Business
The past year has been rough financially for many folks. You probably know people who have lost their jobs, seen their retirement savings evaporate or experienced home foreclosure - you may even be in a tough spot yourself.
Talking with kids about the recession 101409 BUSINESS 2 Capital City Weekly The past year has been rough financially for many folks. You probably know people who have lost their jobs, seen their retirement savings evaporate or experienced home foreclosure - you may even be in a tough spot yourself.
Wednesday, October 14, 2009

Story last updated at 10/14/2009 - 1:37 pm

Talking with kids about the recession

The past year has been rough financially for many folks. You probably know people who have lost their jobs, seen their retirement savings evaporate or experienced home foreclosure - you may even be in a tough spot yourself.

It's difficult enough to remain optimistic yourself, but if you've got children, the task is doubly hard: You want to be honest about why your family can't afford the same things right now, but you don't want to telegraph your anxieties and overwhelm them with dire news they may not understand and over which they have no control.

Rather than conveying panic, look for ways to reassure your kids that you are working hard to make things better and that the whole family can chip in to help.

My wife and I are using the current economic situation as an educational jumping-off point for our two children, ages 5 and 9. Here are a few of the strategies you might want to try:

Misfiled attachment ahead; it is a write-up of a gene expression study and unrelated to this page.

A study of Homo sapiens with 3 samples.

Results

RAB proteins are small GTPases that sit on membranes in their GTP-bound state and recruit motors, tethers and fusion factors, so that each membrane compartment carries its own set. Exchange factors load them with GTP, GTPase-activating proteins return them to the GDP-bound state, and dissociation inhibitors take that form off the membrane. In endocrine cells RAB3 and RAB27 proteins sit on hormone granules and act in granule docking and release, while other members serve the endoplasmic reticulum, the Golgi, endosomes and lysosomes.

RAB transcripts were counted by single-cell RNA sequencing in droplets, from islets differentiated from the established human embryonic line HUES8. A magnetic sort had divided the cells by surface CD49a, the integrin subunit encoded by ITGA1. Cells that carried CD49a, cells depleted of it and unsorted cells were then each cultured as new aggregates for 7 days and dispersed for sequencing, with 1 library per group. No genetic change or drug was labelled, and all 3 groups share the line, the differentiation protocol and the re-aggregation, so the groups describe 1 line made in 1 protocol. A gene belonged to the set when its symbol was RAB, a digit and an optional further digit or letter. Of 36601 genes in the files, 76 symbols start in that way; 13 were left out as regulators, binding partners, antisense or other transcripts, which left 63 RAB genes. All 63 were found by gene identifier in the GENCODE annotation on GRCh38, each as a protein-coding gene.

Put prices into perspective. When your kids clamor for a new toy or treat and you'd rather not spend the money, don't simply say you can't afford it. Put the cost into perspective by noting how long they would have to save their allowance or how many additional chores it would take to pay for it. This exercise helps kids better understand the process adults use to decide whether a purchase is worth making or not. (It works better with older kids, who more easily grasp the concept of delayed gratification.)

Involve children in everyday spending decisions. You probably bring your kids along when grocery shopping and like most of us, you've probably endured pleading for sugary snacks and cheap toys. Instead of racing through the store hoping to avoid conflict, use shopping as an opportunity to teach your kids the value of money.

Make them part of the decision-making process, starting with helping to create the shopping list (the best way to avoid impulse purchases) and clipping coupons. Share your shopping budget for the trip and explain the consequences of exceeding it. Then, once you're at the store, enlist their help in making price comparisons and give them a voice when choosing one item over another - that way, you won't arbitrarily be the "no" voice.

Get kids' suggestions for ways to curtailing spending. Maybe it means checking out a DVD from the library rather than going to the movies, holding a garage sale or selling unwanted toys or clothes on eBay, or babysitting the neighbor's kids to replace a temporarily reduced allowance. In short, make them part of the solution.

Share stories from your own childhood. Maybe one of your parents lost their job or your family had to move in with a relative temporarily. Share how that made you feel (frightened, sad, embarrassed), but let them know that by working together as a family things eventually worked out.

Get involved with charities. If they're old enough, volunteer with your kids at a soup kitchen or homeless shelter. Nothing will make them appreciate their own situation like witnessing others who aren't as fortunate.